Life is full of trade-offs. We’re fighting the coronavirus pandemic. So, we trade the economic cost of “flattening the curve” against the lives saved. We trade the debt we leave for our grandkids against mitigating economic disruption. Acknowledging these trade-offs does not condemn or commend the choices.
What about you and me individually? Each month we decide whether to race the yellow light at the intersection. We choose whether one more business task is more important than an extra 15 minutes with the family. Should we make the inconvenient trip to see a senior we care about or attend a grandchild’s dance recital?
Health experts and elected officials continue to weigh the balance between minimizing the health risk and minimizing economic disruption. Whatever they do, some people will benefit more than others.
In life the advantaged, affluent, college-educated, young, healthy, optimistic, prudent, and well-connected fare better than the disadvantaged, high school dropouts, old, frail, pessimistic, foolish, and isolated. People and businesses, in the first group suffer far less than those in the second. The latter will perish disproportionately and suffer more from hard economic times.
An unspoken reality is that decision-makers consider the cost of keeping Social Security recipients alive an extra 10 or 20 years. Our federal government borrowed $2 trillion to cushion the damage of sending most Americans home for weeks. If that delayed 100,000 deaths, our nation is paying $20 million per delayed death.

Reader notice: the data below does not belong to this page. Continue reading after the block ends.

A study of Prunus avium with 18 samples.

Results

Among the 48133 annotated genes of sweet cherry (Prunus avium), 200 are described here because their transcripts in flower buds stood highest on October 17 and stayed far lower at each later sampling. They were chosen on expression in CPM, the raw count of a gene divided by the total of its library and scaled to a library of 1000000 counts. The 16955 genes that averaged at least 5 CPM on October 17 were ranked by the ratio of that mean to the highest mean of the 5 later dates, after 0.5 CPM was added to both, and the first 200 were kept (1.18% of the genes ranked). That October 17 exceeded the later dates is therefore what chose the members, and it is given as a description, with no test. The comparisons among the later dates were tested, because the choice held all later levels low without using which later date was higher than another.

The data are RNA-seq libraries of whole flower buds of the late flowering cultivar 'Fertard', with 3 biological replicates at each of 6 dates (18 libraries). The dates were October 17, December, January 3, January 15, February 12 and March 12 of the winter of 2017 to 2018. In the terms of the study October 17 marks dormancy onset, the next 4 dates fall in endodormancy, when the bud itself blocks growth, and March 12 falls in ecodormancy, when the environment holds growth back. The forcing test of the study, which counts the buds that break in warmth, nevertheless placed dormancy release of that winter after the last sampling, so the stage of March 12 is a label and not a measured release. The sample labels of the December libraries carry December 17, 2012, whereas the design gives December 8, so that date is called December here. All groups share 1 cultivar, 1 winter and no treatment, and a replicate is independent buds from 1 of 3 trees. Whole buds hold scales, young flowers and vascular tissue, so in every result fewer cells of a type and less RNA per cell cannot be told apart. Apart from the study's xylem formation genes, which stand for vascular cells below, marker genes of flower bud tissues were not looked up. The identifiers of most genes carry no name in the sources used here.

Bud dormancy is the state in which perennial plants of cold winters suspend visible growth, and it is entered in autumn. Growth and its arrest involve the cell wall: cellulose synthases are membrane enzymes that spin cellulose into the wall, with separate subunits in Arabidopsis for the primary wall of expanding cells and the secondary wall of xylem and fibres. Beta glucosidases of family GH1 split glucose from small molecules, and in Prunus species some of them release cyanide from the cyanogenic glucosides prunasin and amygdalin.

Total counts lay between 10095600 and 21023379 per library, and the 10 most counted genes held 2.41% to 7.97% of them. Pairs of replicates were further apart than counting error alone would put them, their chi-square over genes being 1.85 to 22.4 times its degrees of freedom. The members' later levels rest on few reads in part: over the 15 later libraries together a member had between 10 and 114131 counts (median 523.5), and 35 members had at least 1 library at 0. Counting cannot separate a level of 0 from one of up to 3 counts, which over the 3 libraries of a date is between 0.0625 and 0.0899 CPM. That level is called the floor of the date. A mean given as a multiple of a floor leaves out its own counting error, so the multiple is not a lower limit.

Such trade off thinking is not crass, but reasonable. Airline safety experts, traffic engineers, surgeons, and military leaders must make such calculations. Most of us don’t make societal choices. Someone else decides whether the extra cost of freeway intersections is worth the number of deaths averted.
Our society chose safety. Seniors and people with weakened health systems will benefit the most. The cost will be borne by our kids and grandkids.
We’ve made our choice maybe … wisely, maybe foolishly. What can we learn as a society and as individuals?
Within the last month most of us have had more time at home and less time at work. Maybe, you like me, have considered the marginal cost and benefit of more time and effort away from those we love.
Psalm 95:12 says: “Teach me to number my days so that I may show you a heart of wisdom.”
This verse has more impact on me since I survived a potentially fatal, fluke biking accident. Our coronavirus experiences will have a disproportionate impact on our future thinking.
As you consider days, months, and decades ahead, what will you value? What will you give up, sacrifice, in the attempt to gain or preserve what you believe is most important? How will you spend your time and your treasure? None of us has the certainty of mortal life tomorrow. What major choices will be different in your life in years to come? You get the rest of your life to decide. Choose wisely.
In the meantime, let’s all wash our hands more frequently, maintain “social” distance from others, and cover sneezes more effectively. Be blessed and be a blessing. Those around us need our extra concern, love and thoughtfulness.
Terry Moore, CCIM, is the author of Building Legacy Wealth: How to Build Wealth and Live a Life Worth Imitating. Read his “Welcome to My Blog.”